Fundamental Feminism

Article excerpt

WACK! ART AND THE FEMINIST REVOLUTION

MUSEUM OF CONTEMPORARY ART

LOS ANGELES

MARCH 4-JULY 16, 2007

The Museum of Contemporary Art (MOCA) in Los Angeles presents one of the most interesting and thoughtful exhibitions in its history, "WACK! Art and the Feminist Revolution." Curated by Connie Butler, "WACK!"--an invented term meant to express the energy and idealism of a moment in time--provides an overview of first generation contemporary feminist art, which includes works made between 1965 and 1980 from 120 artists (all of whom are women) from twenty-one countries. The exhibition positions feminism as a critical force that creates dynamic new ways of organizing culture. Butler suggests that feminist art practice has brought about fundamental social and artistic change, resonating beyond modernist art paradigms. Feminist art upends the primary artist-centric preoccupation with form and the stereotype of the heroic individual male artist.

What becomes clear through "WACK!" is that feminist sensibility is a multifaceted, evolving work in progress; the exhibition represents the dynamic first phase of an ongoing project. Current practitioners (both men and women) have distilled the early lessons and inspirations of feminist practice into diverse art-making strategies. As with all pioneering efforts, a debt is owed to the first generation for kicking open the doors of opportunity in 1965. (Some of these artists worked in relative isolation, others found working in community and through collaborative efforts as a means to connect in an art world that was exclusive and sexist.) Forty-two years later, it would seem the overall situation has changed in terms of equity and visibility for women. Yet, a recent survey of solo shows by women at the Museum of Modern Art (MOMA) in New York City shows the percentage remains dismally low. The appearance of the Guerilla Girls at MOMA in their now-famous 1985 intervention on behalf of equity for women in our cultural institutions is even more relevant today.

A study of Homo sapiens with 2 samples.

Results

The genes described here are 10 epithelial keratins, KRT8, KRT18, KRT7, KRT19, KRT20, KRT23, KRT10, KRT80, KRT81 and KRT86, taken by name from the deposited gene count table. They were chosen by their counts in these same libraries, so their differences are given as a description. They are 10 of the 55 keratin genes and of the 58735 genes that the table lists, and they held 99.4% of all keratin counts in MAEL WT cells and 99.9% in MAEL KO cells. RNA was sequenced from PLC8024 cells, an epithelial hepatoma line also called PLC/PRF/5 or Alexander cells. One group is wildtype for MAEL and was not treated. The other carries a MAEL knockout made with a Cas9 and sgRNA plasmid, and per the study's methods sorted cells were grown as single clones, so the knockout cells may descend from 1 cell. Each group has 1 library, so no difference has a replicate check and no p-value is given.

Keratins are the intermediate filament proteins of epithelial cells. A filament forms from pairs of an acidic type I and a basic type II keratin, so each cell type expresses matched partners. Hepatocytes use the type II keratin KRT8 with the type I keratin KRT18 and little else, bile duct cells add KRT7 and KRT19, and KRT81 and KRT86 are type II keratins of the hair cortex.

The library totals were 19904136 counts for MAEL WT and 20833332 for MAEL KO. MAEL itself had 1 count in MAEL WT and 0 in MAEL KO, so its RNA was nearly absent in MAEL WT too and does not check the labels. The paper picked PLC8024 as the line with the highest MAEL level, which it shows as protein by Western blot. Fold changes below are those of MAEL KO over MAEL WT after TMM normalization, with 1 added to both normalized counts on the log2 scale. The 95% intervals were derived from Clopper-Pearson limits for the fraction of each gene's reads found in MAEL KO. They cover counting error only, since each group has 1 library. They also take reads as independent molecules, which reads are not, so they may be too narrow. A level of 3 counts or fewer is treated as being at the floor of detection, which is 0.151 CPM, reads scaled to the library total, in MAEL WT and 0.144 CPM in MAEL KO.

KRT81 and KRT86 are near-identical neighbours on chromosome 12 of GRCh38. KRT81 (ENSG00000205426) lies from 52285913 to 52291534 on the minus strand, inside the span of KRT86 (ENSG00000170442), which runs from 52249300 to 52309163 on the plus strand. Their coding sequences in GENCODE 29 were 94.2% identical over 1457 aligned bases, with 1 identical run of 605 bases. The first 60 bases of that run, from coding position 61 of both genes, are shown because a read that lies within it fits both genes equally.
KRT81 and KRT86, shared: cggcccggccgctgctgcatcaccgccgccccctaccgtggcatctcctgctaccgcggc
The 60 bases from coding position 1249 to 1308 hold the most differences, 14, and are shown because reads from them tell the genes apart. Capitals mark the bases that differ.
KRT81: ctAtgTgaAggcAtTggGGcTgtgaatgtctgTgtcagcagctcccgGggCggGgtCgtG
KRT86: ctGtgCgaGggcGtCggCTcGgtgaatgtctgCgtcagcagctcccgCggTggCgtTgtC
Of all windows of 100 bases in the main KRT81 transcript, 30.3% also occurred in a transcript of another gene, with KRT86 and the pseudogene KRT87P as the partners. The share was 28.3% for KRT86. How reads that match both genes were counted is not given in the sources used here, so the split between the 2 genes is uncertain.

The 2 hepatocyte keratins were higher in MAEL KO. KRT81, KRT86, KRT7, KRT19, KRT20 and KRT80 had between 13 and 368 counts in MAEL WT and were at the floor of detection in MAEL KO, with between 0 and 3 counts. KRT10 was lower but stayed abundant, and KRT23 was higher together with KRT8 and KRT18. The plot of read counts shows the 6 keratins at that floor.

In one sense, struggle is an atmosphere permeating "WACK!" The female body is the battleground and the preferred medium where artists develop new ideas and approaches to feminist issues. Some of the work and documentation react to oppressive male culture. The call to action is to overthrow dead and out-of-date paradigms. Cosey Fanni Tutti's sly send-up of Marcel Duchamp's work goes right to the heart of the matter, taking on the demigod of contemporary art practice with biting humor. The importance of the body to representation and the confluence of art and politics are signifiers of these times. Other works seek to validate "women's work" by employing materials not associated with arts at that time, such as Faith Wilding's crocheted environment, "Womb Room" (1972).

Barbara Smith, one of the show's senior and truly revolutionary artists, described and contextualized feminist practice as part of its time. The confluence of anti-Vietnam War protests, the North American civil rights movement, and the activation of a disenfranchised youth culture through music and arts was the broader cultural milieu in which the feminist revolution thrived. The revolution was joined and informed by this heady mixture of uncompromising social investigation that characterizes the 1960s and 1970s.